Speaking on Sunday on the sidelines of the Gulf Studies Forum in Qatar’s capital, Doha, analysts said the crisis has helped Iran, Pakistan and Turkey increase bilateral trade with Qatar, as well as open new commercial routes and strengthen political ties.
“Trade between Iran and Qatar increased by 117 percent in less than six months and it shows the short-term effect of this crisis and bodes well for both countries in the long term,” Luciano Zaccara, an expert on Gulf and Islamic studies at Qatar University, told Al Jazeera.
Figures released by Iran’s customs administration last month showed the country exported 737,500 tonnes of non-oil goods worth $67.5m to Qatar over five months – an increase in growth by 30.8 percent in volume, and 60.57 percent in terms of value when compared with the same period last year.
“Iran is also very interested in the Qatari market,” added Zaccara. “They have shown their commitment by trying to accommodate its specific needs. These commercial relations will remain intact even if the [Gulf Cooperation Council] GCC crisis is resolved.”
According to Zaccara, this showed the importance Qatar gives to better coordination with Iran, in terms of sharing the gas field but also on gas pricing.
The recent signing of a land transportation pact between Iran, Qatar and Turkey, aimed at cutting down the cost and transit period for goods, was also touted as a major milestone in the countries’ trade relations.
Qatar’s investment in Turkey is over $20bn, the second highest in terms of value by any country, which, according to Murad Yesitlas, an expert on geopolitics and security studies from Turkey, shows “Qatar’s importance to Turkey”.
Yesitlas added that the recent strengthening of military ties between the two countries is also a significant indicator of this relationship.
In June, Turkey’s parliament approved a 2015 deal with Qatar aimed at strengthening military cooperation between the two states, which gave Ankara the right to establish military bases in the Emirate and deploy military forces to take part in joint exercises.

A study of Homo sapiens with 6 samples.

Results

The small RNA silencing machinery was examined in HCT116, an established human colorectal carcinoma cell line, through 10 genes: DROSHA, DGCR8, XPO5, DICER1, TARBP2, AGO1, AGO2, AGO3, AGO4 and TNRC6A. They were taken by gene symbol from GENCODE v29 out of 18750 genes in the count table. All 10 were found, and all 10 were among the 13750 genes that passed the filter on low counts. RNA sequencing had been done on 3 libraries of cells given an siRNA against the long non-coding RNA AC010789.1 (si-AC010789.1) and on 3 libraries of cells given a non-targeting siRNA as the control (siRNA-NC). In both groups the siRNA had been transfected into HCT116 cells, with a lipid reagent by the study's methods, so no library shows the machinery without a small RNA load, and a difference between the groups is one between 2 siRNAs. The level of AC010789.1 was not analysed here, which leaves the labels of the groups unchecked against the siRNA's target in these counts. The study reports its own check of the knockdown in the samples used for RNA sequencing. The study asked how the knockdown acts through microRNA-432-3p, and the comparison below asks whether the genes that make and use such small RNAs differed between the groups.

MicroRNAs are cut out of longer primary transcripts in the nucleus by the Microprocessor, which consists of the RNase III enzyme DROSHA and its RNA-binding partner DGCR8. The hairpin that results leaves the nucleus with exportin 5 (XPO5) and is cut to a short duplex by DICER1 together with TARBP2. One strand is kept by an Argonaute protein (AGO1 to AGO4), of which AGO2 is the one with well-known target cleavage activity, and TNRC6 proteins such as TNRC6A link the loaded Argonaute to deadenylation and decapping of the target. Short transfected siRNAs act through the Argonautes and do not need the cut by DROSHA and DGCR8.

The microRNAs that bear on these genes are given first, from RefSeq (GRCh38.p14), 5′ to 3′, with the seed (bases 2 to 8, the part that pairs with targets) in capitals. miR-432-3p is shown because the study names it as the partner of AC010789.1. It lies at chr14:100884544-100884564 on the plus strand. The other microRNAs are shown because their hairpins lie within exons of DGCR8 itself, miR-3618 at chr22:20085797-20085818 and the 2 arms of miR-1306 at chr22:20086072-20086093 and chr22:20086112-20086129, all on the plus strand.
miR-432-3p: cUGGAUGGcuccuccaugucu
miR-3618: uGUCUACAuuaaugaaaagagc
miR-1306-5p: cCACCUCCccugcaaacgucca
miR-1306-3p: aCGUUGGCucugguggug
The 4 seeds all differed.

Pakistan, which has historically held strong ties with all GCC countries, chose to stay neutral in the immediate aftermath of the blockade. However, its then Prime Minister Nawaz Sharif visited Riyadh in an offer to mediate between the GCC countries.
Sharif, who spent seven years in exile in Saudi Arabia following a military coup against his government in 1999, urged all countries to “find an early resolution to the impasse” in a statement issued from his office following his return.
However, the statement went on to reaffirm “the strong commitment of the government of Pakistan to the territorial integrity and sovereignty of the Saudi kingdom”.
This subtle tilt towards Saudi Arabia was down to Sharif’s long history with the Kingdom and its rulers, according to Zahid Shahab Ahmed, of Pakistan’s National University of Science and Technology.
“Sharif has long-standing personal interests in Saudi Arabia. His family has invested heavily in the country while they were in exile there,” Ahmed told Al Jazeera.
Sharif also relied on Qatari leadership in his fight against the Panama Papers corruption charges, which is why “Pakistan found itself in a situation where it was stuck in a fight between two brothers.
“It opted for the middle ground and it has benefited Pakistan’s relationship with Qatar. There has been the opening of a direct trade route between Pakistani and Qatari ports, Pakistan has agreed to send more workforce to Qatar and the LNG agreement was already in place,” said Ahmed.